Alameda Creek Alliance



Stopping Caltrans’ damaging and unnecessary project to widen Highway 84 through Niles Canyon and promoting road safety measures that do not damage the creek

As of February 2021, Caltrans is moving forward with three scaled-back highway safety improvement projects in Niles Canyon:

1) Alameda Creek Bridge Replacement Project
The project will replace and upgrade the Alameda Creek Bridge, realigning the eastern and western approaches to the bridge. It will require cut and fill, installation of large retaining walls, and cutting of several hundred trees. Environmental review for the project was completed in 2017 and the ACA challenged the approval. Under a 2019 settlement agreement, Caltrans will increase mitigations for the project impacts, including additional replanting of sycamore trees and removal of invasive trees and plants. Construction will be from 2021-2023.

2) Niles Canyon Medium-Term Safety Improvements Project
The project will reconfigure a tight curve in the middle of the canyon, add two traffic signals on Highway 84 in Sunol, widen the shoulders of some straightaways near Sunol, and install rock drapery systems. This project will also require tree cutting. Environmental review for the project was completed in 2018 and the ACA challenged the approval. Under a 2020 settlement agreement, Caltrans will also increase mitigations for this project. Construction will be from 2021-2022. Caltrans will also replace a culvert in lower Stonybrook Creek with a free-span bridge to improve migratory fish passage.

3) Arroyo de la Laguna Bridge Improvement
Environmental review for this bridge upgrade is expected in 2021. it will widen the bridge on Highway 84, near the town of Sunol, by three feet. Widening will be done to the extent feasible without adding any additional substructures.

Background: The California Department of Transportation began a damaging and unnecessary campaign to widen Highway 84 through the entire reach of Niles Canyon along Alameda Creek, supposedly for road safety. This controversial project would have actually made the canyon more dangerous for drivers and cyclists, wasted $76 million in public funds, degraded important trout habitat in Alameda Creek and jeopardized restoration efforts, and blighted a designated scenic highway and ruined the natural beauty of Niles Canyon.

Caltrans initially proposed three phases of a road widening project for much of Niles Canyon Road between Fremont and Interstate 680, with 12-foot lanes, 2-foot median and 8-foot shoulders throughout the canyon. This would require cutting 600 trees along Alameda Creek and filling the creek and floodplain with four miles of cement retaining walls and rip-rap to accommodate wide roadway shoulders. It would damage habitat for steelhead trout, Alameda whipsnakes and red-legged frogs and remove rare sycamore forest.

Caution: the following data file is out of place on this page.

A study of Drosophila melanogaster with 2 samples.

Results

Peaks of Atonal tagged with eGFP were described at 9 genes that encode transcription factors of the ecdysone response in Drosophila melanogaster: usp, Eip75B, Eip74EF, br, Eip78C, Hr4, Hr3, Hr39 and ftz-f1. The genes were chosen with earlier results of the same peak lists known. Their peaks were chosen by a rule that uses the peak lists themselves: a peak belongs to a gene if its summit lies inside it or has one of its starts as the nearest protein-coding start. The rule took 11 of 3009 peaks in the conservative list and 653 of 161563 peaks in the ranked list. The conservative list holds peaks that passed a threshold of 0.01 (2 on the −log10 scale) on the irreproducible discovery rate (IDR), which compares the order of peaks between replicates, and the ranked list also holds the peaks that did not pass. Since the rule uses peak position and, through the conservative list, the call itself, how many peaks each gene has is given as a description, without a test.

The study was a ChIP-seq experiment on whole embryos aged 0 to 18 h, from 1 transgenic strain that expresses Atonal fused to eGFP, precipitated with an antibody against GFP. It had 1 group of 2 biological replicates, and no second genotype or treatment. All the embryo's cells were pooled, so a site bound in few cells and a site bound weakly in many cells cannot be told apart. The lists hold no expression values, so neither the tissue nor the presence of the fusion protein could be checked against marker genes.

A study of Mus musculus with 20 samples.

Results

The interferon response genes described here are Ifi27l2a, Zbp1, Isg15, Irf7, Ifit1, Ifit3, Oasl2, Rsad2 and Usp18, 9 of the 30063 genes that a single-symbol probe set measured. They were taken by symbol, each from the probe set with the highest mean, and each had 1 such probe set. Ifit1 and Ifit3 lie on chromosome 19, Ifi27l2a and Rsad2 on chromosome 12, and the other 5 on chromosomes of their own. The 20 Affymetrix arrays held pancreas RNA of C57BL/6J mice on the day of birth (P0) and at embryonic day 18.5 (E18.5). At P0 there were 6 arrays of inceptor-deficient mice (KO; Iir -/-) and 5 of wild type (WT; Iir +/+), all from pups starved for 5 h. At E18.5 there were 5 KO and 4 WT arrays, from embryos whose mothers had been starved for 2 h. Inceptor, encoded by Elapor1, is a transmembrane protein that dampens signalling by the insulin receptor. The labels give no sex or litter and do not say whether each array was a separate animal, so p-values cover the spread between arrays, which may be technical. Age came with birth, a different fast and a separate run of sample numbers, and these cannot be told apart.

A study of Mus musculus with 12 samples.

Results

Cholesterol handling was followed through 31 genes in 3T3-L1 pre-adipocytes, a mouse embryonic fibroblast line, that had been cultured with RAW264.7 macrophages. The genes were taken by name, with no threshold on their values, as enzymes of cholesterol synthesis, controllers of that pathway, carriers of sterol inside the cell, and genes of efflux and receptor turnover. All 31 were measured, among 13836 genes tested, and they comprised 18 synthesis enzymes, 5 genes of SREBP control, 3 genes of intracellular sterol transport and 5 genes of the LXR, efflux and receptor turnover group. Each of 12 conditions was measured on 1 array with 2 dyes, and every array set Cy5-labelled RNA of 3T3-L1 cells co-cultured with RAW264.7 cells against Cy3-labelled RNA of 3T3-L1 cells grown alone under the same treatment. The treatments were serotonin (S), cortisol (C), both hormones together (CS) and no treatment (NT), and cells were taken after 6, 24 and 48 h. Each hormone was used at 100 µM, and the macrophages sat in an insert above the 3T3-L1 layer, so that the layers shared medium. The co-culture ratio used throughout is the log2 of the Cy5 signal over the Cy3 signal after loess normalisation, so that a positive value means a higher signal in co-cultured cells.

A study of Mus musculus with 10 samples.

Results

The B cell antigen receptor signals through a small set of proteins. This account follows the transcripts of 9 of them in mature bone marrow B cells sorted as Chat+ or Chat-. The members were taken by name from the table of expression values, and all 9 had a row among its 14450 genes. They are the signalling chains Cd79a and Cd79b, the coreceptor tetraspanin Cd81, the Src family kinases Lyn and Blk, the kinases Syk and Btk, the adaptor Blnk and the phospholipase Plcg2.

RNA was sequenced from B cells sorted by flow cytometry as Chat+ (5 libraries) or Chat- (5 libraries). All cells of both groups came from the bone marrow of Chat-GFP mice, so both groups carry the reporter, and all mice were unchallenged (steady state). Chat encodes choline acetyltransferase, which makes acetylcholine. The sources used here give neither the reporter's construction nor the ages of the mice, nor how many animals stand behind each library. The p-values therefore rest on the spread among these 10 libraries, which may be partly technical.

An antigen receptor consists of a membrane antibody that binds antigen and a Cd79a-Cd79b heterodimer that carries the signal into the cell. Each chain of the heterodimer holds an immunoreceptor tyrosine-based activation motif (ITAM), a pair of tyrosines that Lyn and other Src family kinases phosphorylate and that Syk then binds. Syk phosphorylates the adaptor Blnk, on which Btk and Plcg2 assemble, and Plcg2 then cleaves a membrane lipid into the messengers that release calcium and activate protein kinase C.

Caltrans did not focus on localized problem areas or evaluate simple solutions within the existing roadway such as signal lights, radar speed signs, median barriers or additional rumble strips. Caltrans internally “approved” phase one of the project in 2006 without alerting the public that it had been finalized. Caltrans filed a “Negative Declaration,” claiming no significant environmental impacts, rather than the required Environmental Impact Report for a project with significant impacts. Caltrans cut nearly 150 trees in the canyon in spring of 2011, over the protests of local residents.

The Alameda Creek Alliance filed suit challenging the inadequate environmental review, winning a court order halting construction and a settlement agreement from Caltrans in 2011 requiring them to abandon the first phase of the project. An Alameda Superior Court judge excoriated the agency’s clandestine project approval and obstruction of the public process. In January 2012 Caltrans agreed to restart the environmental review and public comment process for phases one and two of the project. After a July 2012 Federal Highway Administration Road Safety Assessment rejected Caltrans’ proposed highway widening approach, Caltrans promised a “clean slate” and pledged to consider all FHA recommendations before meeting with stakeholders and the public to develop new revised projects and a new environmental review process.

Caltrans subsequently proposed four smaller highway safety projects within Niles Canyon.